China's National Security Law Could Spark Expat Exodus From Hong Kong

A survey by the American Chamber of Commerce shows that more than 40 percent of respondents have definite plans to leave the city.
China's National Security Law Could Spark Expat Exodus From Hong Kong A man walks in front of windows showing a view of the skyline of Hong Kong, July 21, 2020.

A draconian national security law imposed on Hong Kong by the ruling Chinese Communist Party (CCP) from July 1, 2020 appears set to spark an exodus of expats from the city, according to a survey conducted by the American Chamber of Commerce (AmCham).

More than 40 percent of the 325 AmCham members who responded to the poll are definitely planning to leave, or are thinking about it, according to the survey published on Wednesday.

Three percent said they were getting out immediately, while 10 percent said they would do so by the summer's end, and 15 percent were planning to be gone by the end of the year.

A further 48 percent said they would likely leave in the next 3-5 years.

Of those planning to leave Hong Kong, 62 percent included discomfort with the national security law among the reasons, while 36 percent said they feared it would affect the quality of their children's education.

The Hong Kong government recently launched an ongoing campaign to "educate" secondary-school students about the law, which has left most of the city's political opposition behind bars and criminalized public criticism of the authorities and democratic political activity as "subversion," "secession," or "collusion with foreign powers."

Schools have been made responsible for ensuring that their students are "educated" about the new law, with morning assemblies and class registration sessions to include reference to the phrase "upholding national security is the constitutional responsibility of the Hong Kong Special Administrative Region."

Riot police march in Wan Chai district, a touristic area where foreigners gather in bars, in Hong Kong on October 4, 2019, as people hit the streets after the government announced it had banned people from wearing face masks in a bid to put an end to months of protests. Credit: AFP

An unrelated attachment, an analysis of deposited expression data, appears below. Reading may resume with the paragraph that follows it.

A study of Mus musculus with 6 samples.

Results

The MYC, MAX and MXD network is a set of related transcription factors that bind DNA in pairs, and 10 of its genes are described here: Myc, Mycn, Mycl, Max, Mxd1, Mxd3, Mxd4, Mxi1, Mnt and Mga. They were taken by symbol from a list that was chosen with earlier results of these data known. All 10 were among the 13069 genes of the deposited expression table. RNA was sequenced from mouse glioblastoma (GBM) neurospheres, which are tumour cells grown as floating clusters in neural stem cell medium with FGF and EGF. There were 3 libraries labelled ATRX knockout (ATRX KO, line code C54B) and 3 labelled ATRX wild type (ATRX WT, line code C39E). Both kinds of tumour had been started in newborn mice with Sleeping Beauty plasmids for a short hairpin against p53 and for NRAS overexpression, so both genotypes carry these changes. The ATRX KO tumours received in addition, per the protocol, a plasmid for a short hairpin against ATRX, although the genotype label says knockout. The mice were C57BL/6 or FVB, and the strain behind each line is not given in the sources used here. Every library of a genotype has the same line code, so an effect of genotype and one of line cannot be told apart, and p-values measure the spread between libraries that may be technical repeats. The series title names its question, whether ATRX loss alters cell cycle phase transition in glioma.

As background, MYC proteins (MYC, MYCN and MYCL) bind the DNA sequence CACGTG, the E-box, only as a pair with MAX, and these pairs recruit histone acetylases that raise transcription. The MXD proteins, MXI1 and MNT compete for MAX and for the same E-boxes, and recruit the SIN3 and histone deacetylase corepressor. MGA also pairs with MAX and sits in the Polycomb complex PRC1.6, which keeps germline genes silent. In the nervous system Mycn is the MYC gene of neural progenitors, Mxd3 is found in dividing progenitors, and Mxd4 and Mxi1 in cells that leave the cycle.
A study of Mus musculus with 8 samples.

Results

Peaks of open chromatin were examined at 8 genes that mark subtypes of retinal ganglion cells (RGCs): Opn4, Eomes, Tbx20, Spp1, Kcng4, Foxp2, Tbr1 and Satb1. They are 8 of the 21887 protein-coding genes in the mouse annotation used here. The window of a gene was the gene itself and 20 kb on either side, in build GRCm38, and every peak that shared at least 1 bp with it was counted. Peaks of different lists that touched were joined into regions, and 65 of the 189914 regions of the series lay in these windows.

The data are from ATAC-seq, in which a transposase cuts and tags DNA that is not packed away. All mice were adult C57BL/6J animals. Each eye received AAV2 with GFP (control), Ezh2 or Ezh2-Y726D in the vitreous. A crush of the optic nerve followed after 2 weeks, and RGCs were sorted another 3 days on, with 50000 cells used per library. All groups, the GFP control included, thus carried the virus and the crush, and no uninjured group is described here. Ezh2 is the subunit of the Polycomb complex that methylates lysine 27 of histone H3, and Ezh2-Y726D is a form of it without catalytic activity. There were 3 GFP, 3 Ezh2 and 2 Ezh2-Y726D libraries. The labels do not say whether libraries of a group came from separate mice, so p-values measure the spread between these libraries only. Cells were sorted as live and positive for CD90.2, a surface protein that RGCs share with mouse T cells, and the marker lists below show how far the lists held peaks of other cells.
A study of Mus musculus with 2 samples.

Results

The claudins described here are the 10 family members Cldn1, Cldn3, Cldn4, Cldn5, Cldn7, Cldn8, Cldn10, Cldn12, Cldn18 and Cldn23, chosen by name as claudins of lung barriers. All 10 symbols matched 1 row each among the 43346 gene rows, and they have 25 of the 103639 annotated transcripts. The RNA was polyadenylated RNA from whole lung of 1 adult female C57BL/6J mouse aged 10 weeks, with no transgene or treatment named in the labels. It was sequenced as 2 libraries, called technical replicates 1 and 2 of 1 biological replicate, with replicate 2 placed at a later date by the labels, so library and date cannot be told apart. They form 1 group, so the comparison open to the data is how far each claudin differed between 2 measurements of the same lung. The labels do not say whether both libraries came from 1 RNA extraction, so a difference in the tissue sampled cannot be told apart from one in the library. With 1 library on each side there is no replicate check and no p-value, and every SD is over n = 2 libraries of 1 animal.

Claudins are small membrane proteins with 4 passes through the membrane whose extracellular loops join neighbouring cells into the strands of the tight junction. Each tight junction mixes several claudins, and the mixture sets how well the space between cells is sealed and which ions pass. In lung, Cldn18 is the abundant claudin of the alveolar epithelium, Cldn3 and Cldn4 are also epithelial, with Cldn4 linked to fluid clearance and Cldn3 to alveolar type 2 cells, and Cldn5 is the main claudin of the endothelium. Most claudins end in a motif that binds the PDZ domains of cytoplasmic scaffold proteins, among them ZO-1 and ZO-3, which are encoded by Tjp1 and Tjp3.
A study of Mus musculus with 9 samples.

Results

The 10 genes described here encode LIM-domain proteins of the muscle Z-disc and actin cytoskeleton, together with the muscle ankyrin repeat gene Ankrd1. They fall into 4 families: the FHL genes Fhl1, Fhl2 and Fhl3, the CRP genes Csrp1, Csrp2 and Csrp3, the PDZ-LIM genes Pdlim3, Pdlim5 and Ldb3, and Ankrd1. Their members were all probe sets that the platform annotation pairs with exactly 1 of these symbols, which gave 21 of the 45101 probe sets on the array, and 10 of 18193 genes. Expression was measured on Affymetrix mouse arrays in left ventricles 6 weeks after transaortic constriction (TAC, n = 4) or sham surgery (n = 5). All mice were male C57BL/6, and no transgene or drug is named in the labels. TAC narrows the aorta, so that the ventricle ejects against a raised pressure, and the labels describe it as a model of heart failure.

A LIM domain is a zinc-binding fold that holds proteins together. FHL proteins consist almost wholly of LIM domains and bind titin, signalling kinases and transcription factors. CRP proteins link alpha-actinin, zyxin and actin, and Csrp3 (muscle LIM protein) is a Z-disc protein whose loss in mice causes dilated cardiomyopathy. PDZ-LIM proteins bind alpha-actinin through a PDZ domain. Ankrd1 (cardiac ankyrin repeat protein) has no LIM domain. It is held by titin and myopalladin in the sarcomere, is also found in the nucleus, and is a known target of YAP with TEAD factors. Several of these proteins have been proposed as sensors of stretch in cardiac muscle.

Arrests belie Carrie Lam's claims

The government of chief executive Carrie Lam claims that there has been no change to "the various rights and freedoms," including freedom of the press and of association, in Hong Kong since the law took effect.

But the arrest and charging of 47 members of the pro-democracy opposition camp for taking part in a democratic primary election, the arrest of radio talk show host Giggs for "incitement to arouse hatred or contempt for the governments of the People's Republic of China and the HKSAR," has left many concluding that there is no longer room for peaceful dissent or a political opposition.

A citywide crackdown on anyone linked to the 2019 protest movement intensified when the law took effect, and has included cases brought under colonial-era sedition laws as well as "illegal assembly" charges.

Almost all of the city's prominent pro-democracy figures, opposition lawmakers and social activists are now either behind bars or in exile.

The U.S. has sanctioned officials charged with implementing the national security law, while the U.K. has said it is in breach of the bilateral Sino-British Joint Declaration governing the status of Hong Kong after the 1997 handover.

Hong Kong economist Law Ka-chung said that even if only a certain percentage expresses the intention to leave Hong Kong now, it could spark a stampede.

"This kind of mass behavioral effect is a bit like selling shares on the stock market," Law said. "As soon as one lot starts selling, the others will follow suit."

"We're not seeing this stampede effect yet, but when people who are leaving start holding farewell dinners, this is going to make even those who weren't planning to leave start thinking about it," he said.

'Unrecognizable' with three to five years

He said Hong Kong could be "unrecognizable" with three to five years.

According to AmCham's survey, those who are leaving are mostly looking at relocating to Singapore, Taipei, Tokyo and Bangkok.

Simon Lee of the Chinese University of Hong Kong business school said Singapore was an acceptable alternative to many wishing to evade CCP direct rule in Hong Kong.

"Singapore is pretty similar to Hong Kong, and of course they share certain political characteristics," Lee said. "But the legal system and relative lack of corruption are pretty clearly there."

"[In Hong Kong,] the huge gap between a democratic system and the Chinese [authoritarian] system creates a lot of uncertainty," he said.

"Singapore actually has elections ... and it is one of the foremost locations in the world in terms of competitiveness, which is reassuring for businesses," Lee said.

AmCham quoted one of the anonymous respondents as saying: "Previously, I never had a worry about what I said or wrote when I was in Hong Kong.  That has changed."

"The red lines are vague and seem to be arbitrary. I don't want to continue to fear saying or writing something that could unknowingly cause me to be arrested," the AmCham member said.

Reported by Lu Xi and Chan Chun-ho for RFA's Mandarin and Cantonese Services. Translated and edited by Luisetta Mudie.


Add your comment by filling out the form below in plain text. Comments are approved by a moderator and can be edited in accordance with RFAs Terms of Use. Comments will not appear in real time. RFA is not responsible for the content of the postings. Please, be respectful of others' point of view and stick to the facts.